If you’ve ever heard them having a conversation, you’ll know all too well that Australians have their own unique language. In essence, it’s an English dialect, but without brushing up on Aussie English, you might feel a little lost in translation if you’re heading down under.
Here’s our roundup of essential terms and phrases any foreigner needs to get to terms with to better understand the language that is Australian!
Aussie Phrases You Need to Know
Choc a bloc.
Choc a bloc is an Australian term commonly used to describe an area or item that’s crammed really full.
Tell him he’s dreamin’.
You might have an idea what this one means, but if you don’t, it means someone is unreasonable. This slang phrase is often used in bargaining context and actually comes from The Castle, an Australian film.
She’ll be right.
If someone’s going to be okay after something seemingly serious happened, the Aussies use this term just to confirm that the person will, in fact, be just fine. It’s also used to state that pretty much anything will be okay. Spilled something on your shirt? She’ll be right, mate. The stain will come out in the wash!
Pull ya head in.
Whenever someone needs to be reminded to step back into line, preferably immediately, they’re told to pull their heads in.
A few stubbies short of a six pack.
This isn’t the most flattering Aussie phrase as it refers to someone that’s not the brightest in the bunch. Australians also use it interchangeably with other beloved terms like ‘a few sandwiches short of a picnic.’
This Australian phrase has two connotations. The first is used for describing someone that’s really, really mad, and the second describes a wild party.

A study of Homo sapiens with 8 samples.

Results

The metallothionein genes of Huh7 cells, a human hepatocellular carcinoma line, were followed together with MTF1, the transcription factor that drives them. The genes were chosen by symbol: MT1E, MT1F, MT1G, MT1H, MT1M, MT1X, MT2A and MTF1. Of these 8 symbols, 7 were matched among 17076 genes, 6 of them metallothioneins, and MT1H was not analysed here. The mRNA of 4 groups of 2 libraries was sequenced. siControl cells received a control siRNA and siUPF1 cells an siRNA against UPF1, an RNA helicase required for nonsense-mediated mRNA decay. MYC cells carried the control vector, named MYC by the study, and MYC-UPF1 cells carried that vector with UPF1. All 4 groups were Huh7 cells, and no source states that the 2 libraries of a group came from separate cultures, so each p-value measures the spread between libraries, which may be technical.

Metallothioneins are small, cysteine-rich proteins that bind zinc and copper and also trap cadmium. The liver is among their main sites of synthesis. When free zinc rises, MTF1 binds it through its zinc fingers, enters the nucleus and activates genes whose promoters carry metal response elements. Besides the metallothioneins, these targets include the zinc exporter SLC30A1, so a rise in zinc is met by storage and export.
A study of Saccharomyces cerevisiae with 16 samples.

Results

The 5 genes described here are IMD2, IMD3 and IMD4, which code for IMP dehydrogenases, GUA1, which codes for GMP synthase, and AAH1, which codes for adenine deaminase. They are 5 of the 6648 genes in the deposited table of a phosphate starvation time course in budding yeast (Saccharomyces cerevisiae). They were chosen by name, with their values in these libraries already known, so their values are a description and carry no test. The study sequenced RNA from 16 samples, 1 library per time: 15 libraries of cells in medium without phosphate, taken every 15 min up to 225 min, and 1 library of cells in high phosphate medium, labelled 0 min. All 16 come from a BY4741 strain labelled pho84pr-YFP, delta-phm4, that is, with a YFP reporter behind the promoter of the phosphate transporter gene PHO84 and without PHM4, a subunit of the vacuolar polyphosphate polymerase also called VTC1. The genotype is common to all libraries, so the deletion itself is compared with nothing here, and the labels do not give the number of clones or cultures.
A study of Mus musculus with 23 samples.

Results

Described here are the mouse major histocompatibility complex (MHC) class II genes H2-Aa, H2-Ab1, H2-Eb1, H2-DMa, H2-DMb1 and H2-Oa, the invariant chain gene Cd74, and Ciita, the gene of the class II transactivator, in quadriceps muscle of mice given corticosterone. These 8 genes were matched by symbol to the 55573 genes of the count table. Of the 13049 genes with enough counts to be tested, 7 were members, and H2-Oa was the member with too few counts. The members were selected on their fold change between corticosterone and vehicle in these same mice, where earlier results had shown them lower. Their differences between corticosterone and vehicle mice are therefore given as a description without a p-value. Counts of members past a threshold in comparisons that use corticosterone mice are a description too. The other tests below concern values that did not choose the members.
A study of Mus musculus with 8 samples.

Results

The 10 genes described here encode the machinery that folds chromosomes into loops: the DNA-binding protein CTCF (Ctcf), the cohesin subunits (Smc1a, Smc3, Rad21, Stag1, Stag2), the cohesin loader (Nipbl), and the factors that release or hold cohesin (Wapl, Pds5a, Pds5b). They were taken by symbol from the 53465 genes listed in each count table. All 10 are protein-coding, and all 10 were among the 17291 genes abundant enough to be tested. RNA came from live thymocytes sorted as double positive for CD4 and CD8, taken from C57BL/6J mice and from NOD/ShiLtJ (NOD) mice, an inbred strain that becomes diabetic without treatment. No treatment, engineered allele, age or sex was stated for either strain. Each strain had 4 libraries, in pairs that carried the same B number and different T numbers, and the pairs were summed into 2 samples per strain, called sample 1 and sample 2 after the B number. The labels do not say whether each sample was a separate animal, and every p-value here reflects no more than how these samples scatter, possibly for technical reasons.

You wanna go?
This popular Aussie phrase has nothing to do with leaving a party but instead refers to an invitation to start a physical fight, or it can be used comically between good mates.
In Australia, woop woop aren’t the sounds many people make when they’re dancing. Instead, it’s used to describe a faraway destination. It’s like the American version of “in the middle of nowhere.”
Being told that you’re true blue by an Aussie means a great deal because it means that you’re genuine and authentic.
How ya garn?
So as the sound of this phrase might have you guessing, how ya garn is a common way of asking someone how they’re doing. It’s a conjunction of ‘how are you doing’ that’s also pronounced with a heavy Aussie accent.
What a beaut
Anything that’s truly impressive, like the fish you caught last weekend, is referred to as a beaut, beauty, or bloody beautiful by Aussies.
Face like a dropped pie.
Here’s another insulting Aussie phrase you don’t want to have thrown your way. It describes someone’s facial expression that resembles a destroyed pastry.
Knocking off is the term Australians use when they finish work for the day. They use it to describe how excited they are for the workday to be over.
Bonus: Awesome Australian Words to Brush Up On
Here’s a quick look at some of the most widely used words in Australia with their meanings!
Arvo – Afternoon
Barbie – Barbeque
Bogan – Uncultured person
Bottle-O – Liquor store
Chockers – Very full
Esky – Insulated box for food or drink
Fair Dinkum – True, genuine
Mozzie – Mosquito
Pash – A long, passionate kiss
Ripper – Really great
Roo – Kangaroo
Servo – Gas station
Sook – To sulk
Togs – Swim suit
Tradie – A tradesman
Ute – A utility vehicle
Whinge – Whine
It’s pretty obvious that even though they speak English in Australia, it’s nothing compared to the dialect used in the USA, or anywhere else for that matter. It’s not just the accent that’s different; Australians use words and phrases that sound worlds away from what we imagine they should sound like and mean. If you’re trying to impress your new mates Down Under, try using these Aussie phrases. You can also check out our blog for other insightful language tips and tricks!